ADVOCATE COLUMN 4th WEEK FEBRUARY 2017
Given that a vast majority of businesses in New Zealand are very small and that a big portion of these very small businesses don’t actually employ anyone, it is not difficult to see why isolation of the business owner may be as much of a contributing factor to business failure as the more obvious challenges a business may face. It can be lonely, you are often the sole decision maker, work long hours in an enterprise that requires all your attention and you may have no input from outsiders nor the peer support and engagement that can exist in medium sized businesses and large corporates. Another element that contributes to this isolation can by the blurred line between your work and the rest of your life particularly in businesses where both partners are involved.
There may be any number of causes of the isolation depending on the business owner’s circumstances and the nature of their enterprise. Luckily within Northland at varying scales, there are a range options that can be accessed to overcome this isolation and to gain the interaction with those necessary to help achieve your business aspirations. This interaction not only provides support and resources that are required in today’s business environment but gives validation that the business is heading in the right direction.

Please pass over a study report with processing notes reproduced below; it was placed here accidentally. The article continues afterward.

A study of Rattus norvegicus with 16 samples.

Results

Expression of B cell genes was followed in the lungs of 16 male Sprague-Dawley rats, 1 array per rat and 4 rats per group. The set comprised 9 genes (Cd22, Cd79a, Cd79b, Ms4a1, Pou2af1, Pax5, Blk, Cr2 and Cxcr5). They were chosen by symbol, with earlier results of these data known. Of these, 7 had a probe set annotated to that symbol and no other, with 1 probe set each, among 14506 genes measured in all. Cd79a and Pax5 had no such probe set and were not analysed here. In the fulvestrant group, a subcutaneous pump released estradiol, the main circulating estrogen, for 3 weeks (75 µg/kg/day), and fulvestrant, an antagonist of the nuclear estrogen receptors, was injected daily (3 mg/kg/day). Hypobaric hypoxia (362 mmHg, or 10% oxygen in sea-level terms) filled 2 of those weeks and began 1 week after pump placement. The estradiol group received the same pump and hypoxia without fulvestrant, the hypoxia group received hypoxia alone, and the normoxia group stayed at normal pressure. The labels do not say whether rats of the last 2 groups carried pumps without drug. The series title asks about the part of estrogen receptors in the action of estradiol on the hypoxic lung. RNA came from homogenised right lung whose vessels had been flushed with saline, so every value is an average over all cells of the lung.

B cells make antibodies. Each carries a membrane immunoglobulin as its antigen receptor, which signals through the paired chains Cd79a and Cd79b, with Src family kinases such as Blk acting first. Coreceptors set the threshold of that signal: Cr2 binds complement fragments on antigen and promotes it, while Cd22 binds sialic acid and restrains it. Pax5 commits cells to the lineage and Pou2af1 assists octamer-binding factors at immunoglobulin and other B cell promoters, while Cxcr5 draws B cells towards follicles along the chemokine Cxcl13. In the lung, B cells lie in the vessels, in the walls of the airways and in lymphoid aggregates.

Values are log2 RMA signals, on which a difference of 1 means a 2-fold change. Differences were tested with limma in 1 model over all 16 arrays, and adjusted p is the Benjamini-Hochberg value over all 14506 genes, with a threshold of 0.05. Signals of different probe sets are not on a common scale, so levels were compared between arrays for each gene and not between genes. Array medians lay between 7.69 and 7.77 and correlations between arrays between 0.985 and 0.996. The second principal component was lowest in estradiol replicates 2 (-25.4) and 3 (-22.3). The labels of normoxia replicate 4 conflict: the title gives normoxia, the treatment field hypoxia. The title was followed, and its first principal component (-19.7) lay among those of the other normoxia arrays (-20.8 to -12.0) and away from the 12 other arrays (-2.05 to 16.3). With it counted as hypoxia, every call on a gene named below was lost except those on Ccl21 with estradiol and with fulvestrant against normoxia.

Three of the more obvious ways –but not only ways- are firstly by joining some sort of network of either formal or informal of others within the business community. This gives the business owner the opportunity to interact with those who may face the same day-to-day challenges, lead to more business and create relationships with other business owners. Secondly the business owner may wish to engage the services of a mentor who can meet with them, act as a sounding board and provide a different perspective from their own. Finally while not available everywhere in Northland yet, perhaps a shared work space might provide somewhere to nurture and grow a business until it can move to a more permanent location.
All that is required is for the business person to acknowledge they feel isolated and to seek out which option suits their needs best and then have the discipline to engage with the various support mechanisms that already exist within their business community. It should also be noted that the limited number of large businesses within the region also means that isolation and lack of peer support may also exist at executive level and this also needs to be addressed.